MiLB Prospect Season in Review: Hak-Ju Lee
Over the next week or so (or until I get bored of doing it), I’m going to review the 2010 season for a number of the Cubs’ top prospects. These reviews will be in no real order, and it is possible I forget a key guy or two, but hopefully they accomplish something.
Lee played the entire year, his age 19 season, at Low-A Peoria. He’s a left handed batter that projects to be a top of the order hitter in the Major Leagues, and was the Chief’s leadoff man all season long. His speed and defense are the two most talked about skills he has, and it would appear that the hope is he can develop his bat as he moves up the minor league system.
Keeping in mind he is just 19, and this was just his second season of professional American baseball, I have to say Lee had a solid year. He finished with a slash line of .282/.354/.351/.704. That doesn’t look very good at first, especially the lack of slugging, but considering the brutal first two months of the season for Lee (.250 BA in April, .262 in May), the improvement in the second half is very encouraging.
Even better, considering he’s a left handed batter, is that the splits say he can hit both left handed and right handed pitching. How many left handed hitting prospects don’t make it because they can’t hit lefties? He took 49 walks, a decent number, against 86 strikeouts. While it would be nice to see a higher OBP, the reality is a lead off guy with a .350+ OBP is perfectly fine, especially if he’s not striking out a ton.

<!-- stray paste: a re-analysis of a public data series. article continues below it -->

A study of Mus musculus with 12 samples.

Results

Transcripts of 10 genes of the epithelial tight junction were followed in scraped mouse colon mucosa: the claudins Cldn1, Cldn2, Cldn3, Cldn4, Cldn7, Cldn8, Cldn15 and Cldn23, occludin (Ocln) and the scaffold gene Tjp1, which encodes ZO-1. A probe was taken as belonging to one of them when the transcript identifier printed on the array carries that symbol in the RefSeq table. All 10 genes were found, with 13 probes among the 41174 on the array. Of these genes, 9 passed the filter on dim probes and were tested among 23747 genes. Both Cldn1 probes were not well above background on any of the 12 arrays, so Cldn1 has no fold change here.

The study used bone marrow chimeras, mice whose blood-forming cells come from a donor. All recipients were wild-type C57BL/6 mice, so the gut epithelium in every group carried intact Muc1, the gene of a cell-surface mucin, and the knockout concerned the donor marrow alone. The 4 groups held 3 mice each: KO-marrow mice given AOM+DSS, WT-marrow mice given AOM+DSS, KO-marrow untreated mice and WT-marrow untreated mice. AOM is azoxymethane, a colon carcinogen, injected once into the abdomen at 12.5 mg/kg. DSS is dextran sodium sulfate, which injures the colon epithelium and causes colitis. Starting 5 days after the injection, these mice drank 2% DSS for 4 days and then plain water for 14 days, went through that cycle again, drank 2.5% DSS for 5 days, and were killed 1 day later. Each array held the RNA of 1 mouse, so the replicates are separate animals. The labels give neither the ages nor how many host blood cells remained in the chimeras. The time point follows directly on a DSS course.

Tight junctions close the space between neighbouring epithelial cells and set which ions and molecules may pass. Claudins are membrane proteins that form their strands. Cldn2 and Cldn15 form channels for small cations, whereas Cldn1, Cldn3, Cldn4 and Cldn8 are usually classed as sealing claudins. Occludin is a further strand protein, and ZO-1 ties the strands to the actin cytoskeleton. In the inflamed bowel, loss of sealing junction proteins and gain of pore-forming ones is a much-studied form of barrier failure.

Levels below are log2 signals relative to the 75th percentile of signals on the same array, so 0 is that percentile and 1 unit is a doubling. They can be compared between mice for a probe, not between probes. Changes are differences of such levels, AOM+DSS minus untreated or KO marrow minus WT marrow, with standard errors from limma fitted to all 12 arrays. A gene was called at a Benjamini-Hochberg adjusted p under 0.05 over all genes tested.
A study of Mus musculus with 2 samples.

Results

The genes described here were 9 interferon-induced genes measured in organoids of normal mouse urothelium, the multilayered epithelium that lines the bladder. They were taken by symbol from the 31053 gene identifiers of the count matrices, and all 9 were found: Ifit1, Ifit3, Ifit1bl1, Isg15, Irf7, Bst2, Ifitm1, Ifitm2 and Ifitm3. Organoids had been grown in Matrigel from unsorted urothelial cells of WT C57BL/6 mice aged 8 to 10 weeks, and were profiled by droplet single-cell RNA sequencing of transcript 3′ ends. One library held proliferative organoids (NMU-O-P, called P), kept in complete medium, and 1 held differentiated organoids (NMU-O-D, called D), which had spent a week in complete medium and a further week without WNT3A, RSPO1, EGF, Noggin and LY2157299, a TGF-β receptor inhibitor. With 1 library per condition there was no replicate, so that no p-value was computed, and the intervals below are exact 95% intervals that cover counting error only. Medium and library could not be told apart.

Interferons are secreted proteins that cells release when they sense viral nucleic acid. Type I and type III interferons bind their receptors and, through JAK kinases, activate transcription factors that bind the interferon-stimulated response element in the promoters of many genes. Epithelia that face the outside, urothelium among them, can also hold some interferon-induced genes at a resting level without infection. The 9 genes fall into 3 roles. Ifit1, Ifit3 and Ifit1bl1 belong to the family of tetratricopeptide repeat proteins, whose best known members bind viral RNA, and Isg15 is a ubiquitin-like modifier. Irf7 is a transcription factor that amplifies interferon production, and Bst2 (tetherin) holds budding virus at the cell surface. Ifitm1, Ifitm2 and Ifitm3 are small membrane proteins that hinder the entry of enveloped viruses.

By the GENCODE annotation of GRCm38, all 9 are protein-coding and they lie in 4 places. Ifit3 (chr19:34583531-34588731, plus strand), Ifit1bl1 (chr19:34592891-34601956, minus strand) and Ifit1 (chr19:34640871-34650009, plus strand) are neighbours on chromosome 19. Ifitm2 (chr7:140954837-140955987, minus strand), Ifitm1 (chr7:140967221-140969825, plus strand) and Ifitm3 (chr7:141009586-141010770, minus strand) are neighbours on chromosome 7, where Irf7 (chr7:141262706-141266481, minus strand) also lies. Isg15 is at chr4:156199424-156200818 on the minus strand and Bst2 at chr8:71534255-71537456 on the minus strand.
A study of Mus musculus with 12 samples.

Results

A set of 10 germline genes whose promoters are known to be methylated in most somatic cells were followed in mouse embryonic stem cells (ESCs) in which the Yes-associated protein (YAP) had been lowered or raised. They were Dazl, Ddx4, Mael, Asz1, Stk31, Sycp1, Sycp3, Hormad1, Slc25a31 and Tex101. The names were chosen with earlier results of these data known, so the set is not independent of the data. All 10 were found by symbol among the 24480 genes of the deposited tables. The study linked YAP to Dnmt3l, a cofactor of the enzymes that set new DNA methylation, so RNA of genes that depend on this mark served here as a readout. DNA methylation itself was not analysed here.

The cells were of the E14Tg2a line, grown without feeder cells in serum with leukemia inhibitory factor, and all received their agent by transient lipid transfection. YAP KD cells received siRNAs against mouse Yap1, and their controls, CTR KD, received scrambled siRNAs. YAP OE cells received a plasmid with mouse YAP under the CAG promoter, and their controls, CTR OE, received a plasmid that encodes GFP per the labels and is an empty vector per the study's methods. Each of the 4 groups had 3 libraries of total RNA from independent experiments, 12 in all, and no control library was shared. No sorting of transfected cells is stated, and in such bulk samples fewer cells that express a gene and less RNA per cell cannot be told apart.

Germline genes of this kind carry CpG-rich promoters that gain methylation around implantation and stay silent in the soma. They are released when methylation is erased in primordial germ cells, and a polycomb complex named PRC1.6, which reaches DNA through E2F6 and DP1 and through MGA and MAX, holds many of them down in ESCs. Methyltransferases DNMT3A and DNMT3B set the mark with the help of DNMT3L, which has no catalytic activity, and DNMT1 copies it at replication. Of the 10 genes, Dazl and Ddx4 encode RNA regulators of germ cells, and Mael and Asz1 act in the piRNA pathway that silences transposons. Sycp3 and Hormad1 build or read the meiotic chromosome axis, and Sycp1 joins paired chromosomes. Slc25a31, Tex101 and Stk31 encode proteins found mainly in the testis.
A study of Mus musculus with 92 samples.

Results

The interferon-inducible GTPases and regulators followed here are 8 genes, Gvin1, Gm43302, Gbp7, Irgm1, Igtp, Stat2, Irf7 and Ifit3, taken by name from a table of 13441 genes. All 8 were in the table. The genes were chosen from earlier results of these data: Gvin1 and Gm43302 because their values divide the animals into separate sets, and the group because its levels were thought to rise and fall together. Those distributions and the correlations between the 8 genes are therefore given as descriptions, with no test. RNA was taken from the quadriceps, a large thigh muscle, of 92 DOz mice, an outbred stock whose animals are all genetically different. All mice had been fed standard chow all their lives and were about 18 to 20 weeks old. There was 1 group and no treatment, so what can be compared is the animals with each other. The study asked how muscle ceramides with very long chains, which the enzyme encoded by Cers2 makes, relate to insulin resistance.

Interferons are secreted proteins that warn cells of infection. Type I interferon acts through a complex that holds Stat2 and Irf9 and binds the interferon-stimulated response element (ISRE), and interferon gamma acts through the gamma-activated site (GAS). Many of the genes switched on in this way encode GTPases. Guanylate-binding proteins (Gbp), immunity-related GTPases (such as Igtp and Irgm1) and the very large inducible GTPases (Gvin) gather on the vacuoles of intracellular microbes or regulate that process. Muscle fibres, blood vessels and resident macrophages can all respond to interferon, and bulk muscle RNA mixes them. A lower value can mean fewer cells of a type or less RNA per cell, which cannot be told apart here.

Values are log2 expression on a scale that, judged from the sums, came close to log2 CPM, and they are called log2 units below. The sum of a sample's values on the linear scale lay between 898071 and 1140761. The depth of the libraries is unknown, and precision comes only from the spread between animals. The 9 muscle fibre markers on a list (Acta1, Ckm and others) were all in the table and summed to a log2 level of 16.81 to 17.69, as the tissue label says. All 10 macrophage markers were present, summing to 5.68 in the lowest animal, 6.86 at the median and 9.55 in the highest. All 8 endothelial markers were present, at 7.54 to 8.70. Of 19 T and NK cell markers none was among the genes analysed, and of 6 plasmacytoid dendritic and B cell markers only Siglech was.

Lee’s biggest offensive weapon is his speed, he’s probably the fastest guy in the system, and he showed it a little this season with 32 steals in 39 attempts. It is nice to see a player in the Cubs’ system not only stealing bases, but stealing them efficiently. As he gets older, I would expect the number of steals to go up, but if he winds up being a 35-40 steal guy with an 82% success rate, that works just fine.
Defensively, Lee is supposed to turn out to be special. His speed gives him great range, and scouting reports say he has a rocket arm as well. So far though that great defense hasn’t been fully realized. In 118 games at shortstop this season Lee committed 34 errors. Of course we know that using errors to judge defense isn’t totally fair, but that high a number shows Lee has plenty of improving to do. Luckily he’s just 19, so he has plenty of time. If the errors are a product of superior range, that is great, because I’d rather teach accurate throws than have a shortstop with limited range.
There is no reason Lee shouldn’t be promoted to High-A Daytona next season. I still have him as a Top 7 prospect in the system, and based on what the scouting reports say about his defense, the top shortstop in the system. Having said all that, Lee isn’t really that close to being in the Major Leagues. His bat isn’t nearly as developed as Castro’s, which means he won’t skip levels at the rocket pace Castro did. Lee is probably two or three years away at the earliest, which gives him plenty of time to improve.
2010 was a positive year for Lee overall, and his future remains bright. His bat might prevent him from ever moving Starlin Castro from shortstop, but his speed is such a rare weapon for a Cubs’ player that he should at least get a chance some day.